Hosts File: Block Ads and Malware
Have you ever wonder where all the malware, ads, spyware, junkware, viruses, trojans and worms floating on the Internet comes from? Well they come from tens of thousands of different hosts spread throughout the globe!
The exact number and name of these hosts is of course unknown, but many on the Internet developed the good habit of documenting these hosts in an effort to block them. Many modern browser such as Chrome, Firefox and Safari (not IE, do not use IE/Edge!) have plugins and extensions like AdBlock or AdBlock Plus that can help to filter the scourge out of your experience. But they are only effective as the lists of rules they use, and many websites tend to block the ad blockers these days. So as a complimentary solution we can edit our hosts file.
How To Block Hosts
All modern operational systems have a hosts file that functions as an internal name resolver. It actually maps hostnames to IP addresses and because of this we can add the junk hosts to it and map to no ip address, like 0.0.0.0. This way every time the browser (or anything inside the system) tries to access a particular blacklisted domain it will fail immediately sparing you from a ton of junkware and headaches.
To this end MTeam7 gathered and compiled a super huge list of more than 160 thousands blacklisted hosts that can inject those pesky malware into our machines. The list also contains tens of thousands of hosts that have the sole purpose of delivering annoying ads to the pages you visit as well as hundreds of intrusive telemetry hosts that exist only to spy on you and on your browsing habits.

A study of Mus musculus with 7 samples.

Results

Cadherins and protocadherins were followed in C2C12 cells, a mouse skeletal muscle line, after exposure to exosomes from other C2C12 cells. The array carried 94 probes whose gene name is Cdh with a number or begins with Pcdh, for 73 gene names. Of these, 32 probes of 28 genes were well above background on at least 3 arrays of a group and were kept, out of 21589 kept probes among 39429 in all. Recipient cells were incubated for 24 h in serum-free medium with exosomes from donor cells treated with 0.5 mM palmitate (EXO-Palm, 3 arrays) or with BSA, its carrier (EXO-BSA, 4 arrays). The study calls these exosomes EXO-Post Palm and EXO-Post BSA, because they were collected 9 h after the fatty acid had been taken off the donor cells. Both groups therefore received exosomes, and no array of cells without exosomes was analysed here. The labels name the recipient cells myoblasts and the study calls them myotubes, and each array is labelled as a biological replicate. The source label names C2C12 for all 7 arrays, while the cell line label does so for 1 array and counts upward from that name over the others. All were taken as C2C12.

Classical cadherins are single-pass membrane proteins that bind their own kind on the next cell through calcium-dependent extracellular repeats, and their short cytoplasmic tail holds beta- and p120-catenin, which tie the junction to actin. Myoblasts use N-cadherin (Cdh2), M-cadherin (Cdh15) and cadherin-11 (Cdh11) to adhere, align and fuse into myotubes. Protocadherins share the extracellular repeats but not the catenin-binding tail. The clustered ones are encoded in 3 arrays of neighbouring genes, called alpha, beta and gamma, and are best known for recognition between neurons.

I will assume that those using linux don't need any further help to install this hosts file. For those that do need help, well it is very simple!
First of all you'll need to be logged in with administrative permissions (admin account). Open the path below, make a backup of the original hosts file and copy this hosts file there.
Mac users can jump to that folder by pressing CMD+SHIFT+G and pasting the path below.
Hosts File Path
macOS / *nix Systems:
If you have problems with a particular domain, for instance if the dirty little website you are accessing forces you to see the ads to show you the content, you can simply remove that line out of the file (you'll have to examine the html to see what that host name is) or simply put the original back. Or ban that website from your life... that's usually what I do.
Of course you'll need to edit this file to suit your needs. Some services you may use might be in the list but you can always remove them manually in order to access the site in question.
If you are using Linux or macOS you may also like our
sh controller script. You can find it in the Simple bashrc page. Look for the
hosts function in it.
I am from a time when ads use to be the size of thumbs, and not intrusive. Indeed the web has become a dirty place, but this trick makes things a little better. Enjoy!